As he helped me gather my bags and wished me well, the taxi driver on my recent trip to the airport expressed hope that I was leaving for a short trip and would soon return home, because, he said, Lebanon depended on its youth to prosper. I didn’t know whether to be happy or sad — happy because I had just met one of few who still believed in this country or sad because he felt the need to tell me his bittersweet wish. While I had already planned a business trip to Dubai, it was expedited by the rise of the occasional bomb, a phenomenon someone cleverly compared to a game of Minesweeper recently. I was, for the first time in a long time, afraid to leave my home. But entrepreneurship is no desk job; it’s a networking and ‘drive around the city’ job. Just one month into what I was wishing to be a positive 2014, I needed to take a break from Beirut.
Though this trip is temporary, I, among thousands of others, feel the pull of the ‘brain drain’ our poor Lebanon has witnessed. No doubt about it, one of the many advantages of being the founder of an online startup is the ability to move and operate a business from almost anywhere. It wasn’t hard for me to come to Dubai; I just didn’t want it to be because I was fleeing home.
This past August Lebanon’s central bank issued a new policy, Circular 331, aimed at motivating commercial banks to invest in technology startups, venture capital firms and accelerators in the country. Three percent of the total amount of the roughly $13.5 billion in private capital held by commercial banks is to be invested. That’s a massive total of $405 million. As I settled into Dubai for the month, I could only hope that there would remain brains, ideas and drive for this money to be invested in.
It’s February and, notwithstanding the recent series of unfortunate events, I will stick to my original plan for this month’s column: describing my seven country-specific entrepreneurial New Year resolutions. By now most of us have forgotten the promises we had sworn to with conviction just a month earlier, so for every free-spirited Lebanese entrepreneur out there, some resolutions from me to you:
1. Get rid of the ‘bad customers’. They are everywhere, and in the Middle East, they overwhelm. If you dig deep into your customer database you will find and identify these annoying types and learn to differentiate them from the good customers. Focus on making those people happy in 2014 and acquiring more of them.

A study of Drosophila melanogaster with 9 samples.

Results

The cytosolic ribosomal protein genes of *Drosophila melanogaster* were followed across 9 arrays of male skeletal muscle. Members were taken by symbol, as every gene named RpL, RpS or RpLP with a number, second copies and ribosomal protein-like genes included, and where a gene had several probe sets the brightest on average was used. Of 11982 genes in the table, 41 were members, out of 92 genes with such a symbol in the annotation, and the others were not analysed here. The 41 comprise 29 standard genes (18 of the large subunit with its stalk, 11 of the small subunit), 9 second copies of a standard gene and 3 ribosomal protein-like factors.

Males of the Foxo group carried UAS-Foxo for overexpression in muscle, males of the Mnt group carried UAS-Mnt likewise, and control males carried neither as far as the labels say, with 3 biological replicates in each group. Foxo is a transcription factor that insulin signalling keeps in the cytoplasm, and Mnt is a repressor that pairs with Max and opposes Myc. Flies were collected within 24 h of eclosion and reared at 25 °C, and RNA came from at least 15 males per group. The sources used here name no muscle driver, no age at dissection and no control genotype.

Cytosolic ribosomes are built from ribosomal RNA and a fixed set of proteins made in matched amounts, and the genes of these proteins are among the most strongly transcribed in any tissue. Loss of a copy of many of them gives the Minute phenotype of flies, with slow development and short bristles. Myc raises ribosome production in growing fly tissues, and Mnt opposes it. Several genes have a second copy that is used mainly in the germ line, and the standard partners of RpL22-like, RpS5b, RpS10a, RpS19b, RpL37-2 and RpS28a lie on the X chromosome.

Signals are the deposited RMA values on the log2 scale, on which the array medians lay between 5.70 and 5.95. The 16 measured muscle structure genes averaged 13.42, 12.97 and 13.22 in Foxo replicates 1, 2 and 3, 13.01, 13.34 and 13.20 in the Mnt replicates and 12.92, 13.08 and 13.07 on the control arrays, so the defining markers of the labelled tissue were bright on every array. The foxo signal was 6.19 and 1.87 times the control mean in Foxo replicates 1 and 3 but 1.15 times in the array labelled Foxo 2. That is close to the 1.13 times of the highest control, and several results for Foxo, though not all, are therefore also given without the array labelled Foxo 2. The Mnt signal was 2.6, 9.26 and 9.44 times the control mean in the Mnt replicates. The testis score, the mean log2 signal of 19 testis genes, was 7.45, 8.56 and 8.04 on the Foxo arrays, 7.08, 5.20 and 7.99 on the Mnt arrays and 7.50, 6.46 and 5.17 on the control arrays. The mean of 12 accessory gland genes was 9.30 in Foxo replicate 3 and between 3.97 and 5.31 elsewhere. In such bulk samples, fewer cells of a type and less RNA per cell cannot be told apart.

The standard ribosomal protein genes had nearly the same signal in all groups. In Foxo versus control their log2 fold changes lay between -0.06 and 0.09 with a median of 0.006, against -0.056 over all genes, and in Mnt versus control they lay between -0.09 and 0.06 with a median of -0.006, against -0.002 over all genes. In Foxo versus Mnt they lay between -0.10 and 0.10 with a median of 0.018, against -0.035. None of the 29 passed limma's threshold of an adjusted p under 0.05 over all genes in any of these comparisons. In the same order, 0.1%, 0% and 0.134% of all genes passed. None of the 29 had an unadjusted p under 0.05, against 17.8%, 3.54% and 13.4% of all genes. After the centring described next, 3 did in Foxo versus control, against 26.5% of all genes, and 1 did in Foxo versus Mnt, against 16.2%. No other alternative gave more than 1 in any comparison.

2. Enhance your appearance. I was browsing through the Facebook pages of Arab-based businesses and noticed that while some excel at their social media strategies, ensuring the quality of content is of global standards, others simply flail. It is important to engage your audience with quality content. If you operate in English, for example, and it isn’t your forte then find someone whose it is and get them on board.
3. Twist the bad into good. Safety aside, instead of blaming Lebanon for all the bad cards it has dealt you: innovate. If you figure out solutions when things aren’t going your way, you’ll be shocked to see how well you operate when times are smooth.
4. Give something back. The luxury of owning a business gives you the additional luxury of being able to do with it what you will. It’s not that difficult to do a little good in a country in need of so much. If you can’t think of anything specific, go to crowd-funding platform zoomaal.com and donate some money. There’s a library owner in desperate need of support to rebuild history.
5. Find a wisdom tree. I read an article recently that recommended finding the email address of the smartest person you know and asking them out for coffee. Arab success stories are all around us; find the humans behind them and capitalize on their experiences.
6. Support the new entrepreneurial wave. Being a mentor is just as important as finding one. If Circular 331 is going to be effective, there needs to be entrepreneurs in the making. We need a powerful community to maintain our own individual growth. Figure out a way to encourage the next wave of creators to join our boat.
7. Have a little faith. Whether you live in or outside Lebanon, have a little faith and miss it, always.
These are the seven resolutions I will use to keep me in check this year. Some of them will help me and others will hopefully help my country. Either way, working towards the positive will help us all while our beloved country awaits its fate.